Telecommunications: Primacy of Power and Regulatory Battles for Promoting National Standards - Part 11


Over decades of development, the mobile telecommunications industry has undergone tremendous technology innovation from first generation (1G) analog to second generation (2G) digital, to today's third generation of advanced digital technology. After the advances of pure voice services of 1G technology, both 2G and 2.5G are now able to provide a number of more advanced services including short message and single image. But with a data transmission rate ranging from 144kb/s to 384 kb/s, the current technology cannot keep up with growing demand, especially recent efforts to integrate mobile telecommunications with the Internet. This can only be made possible with broadband capacity and the speed of 3G technology.

During the 2G era China's mobile market has been dominated by foreign companies. For example, Nokia, Motorola, and Ericsson have been the winners in China's handset market and the same has been for the high-end telecom equipment market, including switcher, fiber networks, cellular base stations, etc. More than 90% of China's 2G products is dominated by foreign suppliers (Li, Xie, & Zhu, 2005, p. 38). Being both the biggest cellular phone market and the biggest handset production center in the world has not brought much benefit to China's profit margin. As a latecomer to 2G cellular services, China does not own important patents associated with the 2G standards. Consequently, Chinese handset makers have had to sign license agreements with U.S., EU, Japanese, and South Korea telecom companies and pay various royalties fees. Since the 1990s, China has spent billions of dollars purchase equipment. One study shows that during the 1G era China paid foreign patent holders a total of US $30 billion (RMB 250 billion) and during the 2G era China paid about US $60 billion (RMB 500 billion) (Shu, 2008).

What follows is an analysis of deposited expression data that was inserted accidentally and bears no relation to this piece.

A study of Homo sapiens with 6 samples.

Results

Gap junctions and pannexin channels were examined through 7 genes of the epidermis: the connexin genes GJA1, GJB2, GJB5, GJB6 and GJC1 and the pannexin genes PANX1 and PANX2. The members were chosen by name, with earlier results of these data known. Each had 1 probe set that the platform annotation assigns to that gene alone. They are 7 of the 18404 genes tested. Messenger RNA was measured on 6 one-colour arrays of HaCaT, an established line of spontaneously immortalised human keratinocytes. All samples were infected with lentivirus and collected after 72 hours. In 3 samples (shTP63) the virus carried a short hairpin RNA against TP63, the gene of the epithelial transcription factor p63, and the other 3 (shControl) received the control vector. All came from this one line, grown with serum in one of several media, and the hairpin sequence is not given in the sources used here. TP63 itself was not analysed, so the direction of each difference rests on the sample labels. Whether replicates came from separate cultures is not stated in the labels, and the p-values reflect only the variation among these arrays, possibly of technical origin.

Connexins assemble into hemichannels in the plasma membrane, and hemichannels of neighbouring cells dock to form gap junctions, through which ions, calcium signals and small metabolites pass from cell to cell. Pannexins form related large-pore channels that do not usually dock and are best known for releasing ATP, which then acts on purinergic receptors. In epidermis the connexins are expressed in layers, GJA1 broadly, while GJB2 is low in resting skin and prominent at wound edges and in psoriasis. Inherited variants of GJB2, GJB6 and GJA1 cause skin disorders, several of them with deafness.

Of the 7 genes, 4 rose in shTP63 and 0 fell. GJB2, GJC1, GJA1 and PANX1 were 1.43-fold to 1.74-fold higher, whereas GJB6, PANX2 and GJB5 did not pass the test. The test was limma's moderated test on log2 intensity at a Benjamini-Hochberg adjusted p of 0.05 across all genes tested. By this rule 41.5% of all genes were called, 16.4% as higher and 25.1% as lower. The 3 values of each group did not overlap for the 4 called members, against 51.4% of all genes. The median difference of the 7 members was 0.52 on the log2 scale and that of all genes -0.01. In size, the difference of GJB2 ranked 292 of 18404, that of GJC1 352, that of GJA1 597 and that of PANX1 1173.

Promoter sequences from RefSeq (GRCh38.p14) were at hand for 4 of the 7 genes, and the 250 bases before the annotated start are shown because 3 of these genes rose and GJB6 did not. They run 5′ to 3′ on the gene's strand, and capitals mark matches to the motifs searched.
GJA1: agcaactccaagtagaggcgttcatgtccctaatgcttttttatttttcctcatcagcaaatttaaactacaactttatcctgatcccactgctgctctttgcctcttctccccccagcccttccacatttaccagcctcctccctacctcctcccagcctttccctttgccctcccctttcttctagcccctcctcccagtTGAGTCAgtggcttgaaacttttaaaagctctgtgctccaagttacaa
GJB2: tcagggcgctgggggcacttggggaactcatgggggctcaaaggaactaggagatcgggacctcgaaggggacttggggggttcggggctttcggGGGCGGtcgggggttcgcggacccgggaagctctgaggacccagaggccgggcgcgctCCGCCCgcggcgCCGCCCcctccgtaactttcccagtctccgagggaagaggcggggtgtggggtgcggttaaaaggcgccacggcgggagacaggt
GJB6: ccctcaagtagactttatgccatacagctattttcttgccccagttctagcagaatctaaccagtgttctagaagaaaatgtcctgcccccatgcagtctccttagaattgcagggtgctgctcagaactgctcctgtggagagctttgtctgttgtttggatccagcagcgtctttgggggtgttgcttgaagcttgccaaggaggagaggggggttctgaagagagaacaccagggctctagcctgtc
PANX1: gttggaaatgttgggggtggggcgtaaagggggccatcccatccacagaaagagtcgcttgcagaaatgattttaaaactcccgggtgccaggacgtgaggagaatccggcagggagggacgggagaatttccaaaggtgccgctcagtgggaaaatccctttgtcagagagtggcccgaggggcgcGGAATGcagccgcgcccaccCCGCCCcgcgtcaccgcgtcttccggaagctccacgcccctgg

Since China lagged behind in previous telecom standard activities, it presently lacks intellectual property in core technologies, resulting in a loss in the current market. Today Beijing is hoping to exploit the “latecomer's advantage” and leapfrog to the frontline of the 3G era with its own TD standard. TD-SCDMA stands for Time Division — Synchronous Code Division Multiple Access. TD-SCDMA is a third generation mobile telephony standard developed by China Academy of Telecommunications Technology (CATT) in collaboration with the Chinese company Datang Telecom Technology Co.